Friday Highlight  

Why recent losses by Japanese equities have been relatively limited

Why recent losses by Japanese equities have been relatively limited
Shibuya Crossing, Tokyo, Japan. (Ling Tang/Unsplash)

Global equities have been on the back foot so far in 2022, weighed down by factors including inflation concerns, the threat of higher interest rates and geopolitical risks.

Japanese equities have also suffered in 2022, although their decline has been limited compared to global peers.

One reason losses by Japanese equities have been limited is because Japan has been less affected so far from the negative effects of global inflation and the geopolitical risks emanating from the Russia-Ukraine conflict. 

We believe that another reason behind the relatively good performance by Japanese equities is due to how industries are set up in Japan compared to other developed market economies.

With coronavirus restrictions being lifted across the developed world, consumption patterns – particularly in the US – have clearly shifted from those centred on stay-at-home demand to out-of-home activity, such as shopping, dining and traveling.

This shift has resulted in lower growth expectations for stay-at-home stocks, in turn denting growth prospects for giant tech companies.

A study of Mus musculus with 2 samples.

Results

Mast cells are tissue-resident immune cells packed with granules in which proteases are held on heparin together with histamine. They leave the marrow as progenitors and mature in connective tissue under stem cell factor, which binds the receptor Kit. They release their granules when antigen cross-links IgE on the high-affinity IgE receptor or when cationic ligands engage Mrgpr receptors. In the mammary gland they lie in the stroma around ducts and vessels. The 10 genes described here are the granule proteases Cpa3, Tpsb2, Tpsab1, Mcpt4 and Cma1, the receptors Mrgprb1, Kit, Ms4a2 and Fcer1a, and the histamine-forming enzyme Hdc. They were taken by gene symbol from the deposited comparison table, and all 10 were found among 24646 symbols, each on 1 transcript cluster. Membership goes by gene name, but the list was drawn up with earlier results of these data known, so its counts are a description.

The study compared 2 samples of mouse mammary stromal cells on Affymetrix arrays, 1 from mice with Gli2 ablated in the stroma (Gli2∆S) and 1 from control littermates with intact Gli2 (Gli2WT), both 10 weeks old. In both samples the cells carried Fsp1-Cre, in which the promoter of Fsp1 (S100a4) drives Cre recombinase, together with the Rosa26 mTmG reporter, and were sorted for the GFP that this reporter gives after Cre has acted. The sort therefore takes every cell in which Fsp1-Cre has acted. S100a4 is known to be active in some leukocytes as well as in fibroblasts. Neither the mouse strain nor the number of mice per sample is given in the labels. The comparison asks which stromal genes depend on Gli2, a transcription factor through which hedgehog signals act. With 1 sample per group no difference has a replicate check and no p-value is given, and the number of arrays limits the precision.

All in all, this development has negatively affected stock market valuations.


Japan, in contrast, does not have any notable stay-at-home stocks nor big tech names to speak of.

Export growth supported the country during the pandemic; Japan’s industrial structure is centred on export goods, while entertainment services (such as subscription streaming providers) play a limited role.

As such, any decreases in stay-at-home demand does not have much of an impact on Japanese stock indices.

Furthermore, Japanese exporters have been boosted by the steadily declining yen. 

This industrial structure, which has helped limit losses in Japanese equities due to a shift in consumer demand patterns, may suit foreign investors seeking to make defensive asset allocations.

Japanese equities may therefore provide a sound choice for those looking to allocate their assets at the country level. 

Tourism and impact on the Japanese economy and markets 

After closing its doors to foreign tourists following the Covid-19 outbreak two years ago, Japan is poised to relax its entry restrictions in a bid to lure back travellers from abroad.

This month, tourists from 98 countries and territories have been allowed into Japan, although visitors will initially be limited to those taking part in guided package tours.

The government, which plans to eventually allow the number of tourists to recover to pre-pandemic levels, appears to have been nudged into action after being criticised as the only G7 nation maintaining stringent border controls.

However, the government may not want to take too much risk before the upper house elections in July.

Once the elections are safely out of the way with the outcome in its favour, the government may be emboldened to further relax its stance on inbound tourism, and a variety of domestic sectors geared towards foreign visitors could benefit as early as the summer. 

As the number of foreign tourists to Japan had practically dropped to zero during the pandemic, even a modest recovery will look impressive.